The wave function of Hydrogen is a complex function of
three spatial variables and one time variable. The problem
in attempting to visualize such a function
is that paper and screen is limited to two dimensions on
which to draw.

In addition, the variables used in the solutions for
Hydrogen are often not x, y, and z, but r, theta, and phi.

There are a variety of methods you can use to go about
visualizing the results of the Hydrogen wave function.

Contour/Density Plots

Contour and Density plots are two methods of doing the same
thing, plotting one variable as a function of two independent
variables on a 2 dimensional surface. Typically this would
be done by drawing a function f(x,y) on an x-y grid as either
contours (lines representing points for which f(x,y) is equal),
or by coloring in different colors or brightnesses where the function
is higher in value. The first method is referred to as a contour
plot, and the second is referred to as a density plot. These
are commonly used in geology to represent the topography of
the Earth's surface.

Surface Plots

A surface plot is similar to a contour plot, except that
a projection of a surface whose height at each x,y point
is given by the function f(x,y)a.

3-D Contour Plots

It is also possible to draw the projection of a surface in
three dimensions for which
every point (x,y,z) on the surface has the same value of
f(x,y,z).

Polar Plots

When plotting a function of an angular variable theta, it is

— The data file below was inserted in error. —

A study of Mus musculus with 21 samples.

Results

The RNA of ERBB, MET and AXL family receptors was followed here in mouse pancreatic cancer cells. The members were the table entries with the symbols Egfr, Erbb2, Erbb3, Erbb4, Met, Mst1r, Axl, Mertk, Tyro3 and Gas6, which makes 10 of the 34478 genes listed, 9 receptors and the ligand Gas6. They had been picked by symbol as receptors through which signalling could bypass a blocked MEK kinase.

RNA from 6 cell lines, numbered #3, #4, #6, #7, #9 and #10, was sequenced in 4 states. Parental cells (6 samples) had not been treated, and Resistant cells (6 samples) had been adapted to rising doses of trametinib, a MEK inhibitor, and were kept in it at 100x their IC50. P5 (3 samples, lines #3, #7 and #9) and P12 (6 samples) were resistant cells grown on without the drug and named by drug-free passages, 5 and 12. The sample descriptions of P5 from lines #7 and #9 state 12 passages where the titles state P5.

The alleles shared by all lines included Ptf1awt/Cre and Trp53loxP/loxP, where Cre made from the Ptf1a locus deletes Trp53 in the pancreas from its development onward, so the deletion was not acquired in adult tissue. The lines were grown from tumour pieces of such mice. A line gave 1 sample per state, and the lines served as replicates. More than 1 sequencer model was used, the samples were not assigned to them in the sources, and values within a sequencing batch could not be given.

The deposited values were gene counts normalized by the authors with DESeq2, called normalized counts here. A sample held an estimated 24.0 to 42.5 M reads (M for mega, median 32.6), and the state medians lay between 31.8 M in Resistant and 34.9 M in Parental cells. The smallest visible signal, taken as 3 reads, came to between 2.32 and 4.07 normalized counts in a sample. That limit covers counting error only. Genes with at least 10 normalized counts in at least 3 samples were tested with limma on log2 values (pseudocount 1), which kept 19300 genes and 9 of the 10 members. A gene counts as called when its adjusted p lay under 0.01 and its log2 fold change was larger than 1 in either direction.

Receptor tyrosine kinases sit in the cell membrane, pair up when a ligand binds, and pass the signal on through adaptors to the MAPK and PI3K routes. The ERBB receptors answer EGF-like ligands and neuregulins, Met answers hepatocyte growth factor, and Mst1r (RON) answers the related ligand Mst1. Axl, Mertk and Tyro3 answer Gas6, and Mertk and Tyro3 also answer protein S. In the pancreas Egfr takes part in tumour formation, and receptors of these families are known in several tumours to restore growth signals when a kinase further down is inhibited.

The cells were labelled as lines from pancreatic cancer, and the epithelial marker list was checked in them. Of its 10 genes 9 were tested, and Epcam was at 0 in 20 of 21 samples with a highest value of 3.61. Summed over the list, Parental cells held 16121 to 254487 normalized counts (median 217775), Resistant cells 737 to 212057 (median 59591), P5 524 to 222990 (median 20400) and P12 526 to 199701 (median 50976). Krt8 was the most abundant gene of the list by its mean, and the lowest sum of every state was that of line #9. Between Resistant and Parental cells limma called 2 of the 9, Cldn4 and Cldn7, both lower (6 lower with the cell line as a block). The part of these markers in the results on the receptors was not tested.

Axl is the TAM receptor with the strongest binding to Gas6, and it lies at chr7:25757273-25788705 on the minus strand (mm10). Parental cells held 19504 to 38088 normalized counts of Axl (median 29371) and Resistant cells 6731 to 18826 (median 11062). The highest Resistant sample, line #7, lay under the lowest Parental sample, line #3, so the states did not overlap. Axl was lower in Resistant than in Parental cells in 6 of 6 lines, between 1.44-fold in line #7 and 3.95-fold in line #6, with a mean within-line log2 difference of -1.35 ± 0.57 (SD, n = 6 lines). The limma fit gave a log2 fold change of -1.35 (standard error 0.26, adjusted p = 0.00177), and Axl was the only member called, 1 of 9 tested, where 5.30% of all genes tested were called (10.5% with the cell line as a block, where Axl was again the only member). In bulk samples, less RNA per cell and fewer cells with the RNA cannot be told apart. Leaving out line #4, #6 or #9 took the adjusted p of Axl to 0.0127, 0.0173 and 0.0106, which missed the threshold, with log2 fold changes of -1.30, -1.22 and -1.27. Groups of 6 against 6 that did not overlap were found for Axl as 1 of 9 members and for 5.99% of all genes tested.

often convenient to draw the function on an x-y plane as
a polar plot, where the distance from the origin of the curve
at a given angle theta is the same as the function f(theta) that
you want to visualize.

Slicing 3-D Functions

It can sometimes be useful to see what a contour or density
plot of the function along a single plane through your 3 dimensional
function looks like. You can think of this as a
"cross-section" of your function. Common slices to look at
for a 3 dimensional function are the X, Y, and Z planes.

3-D Density Plots

For functions of three spatial variables, it is also possible to
treat the function as if it represented a "cloud" with a density
specified by the function. The function can then be visualized
as if it were a cloud, by tracing rays of light through a cloud,
given off by dense spots in the cloud, to an observer some distance
away.

The polar component of the Hydrogen wavefunction
is given by the associated Legendre functions.
Make polar plots of the m=0 terms for the first
4 angular energy levels of Hydrogen. What trends do you notice?
You may want to use
CSERD's polar plot tool for this.

Make plots of the first three energy levels of
the radial wave function for Hydrogen.
What happens to the likely distances of the atom from the
nucleus as the energy level increases?
You may want to use Interactivate's
Graphit for this (note: Graphit expects functions of a variable "x"),
or a graphing tool of your own choice.

Using CSERD's 3-D Density plot tool
(or another tool of your choosing), look at the
m=0 and n=0 terms of the square of the wave function
for hydrogen (the probability) distribution for
the first 4 levels of l. Describe the appearance of each.

For the l=1, m=1, n=0 state, make images of the wave function.
Describe the shape of the most likely place to find the electron.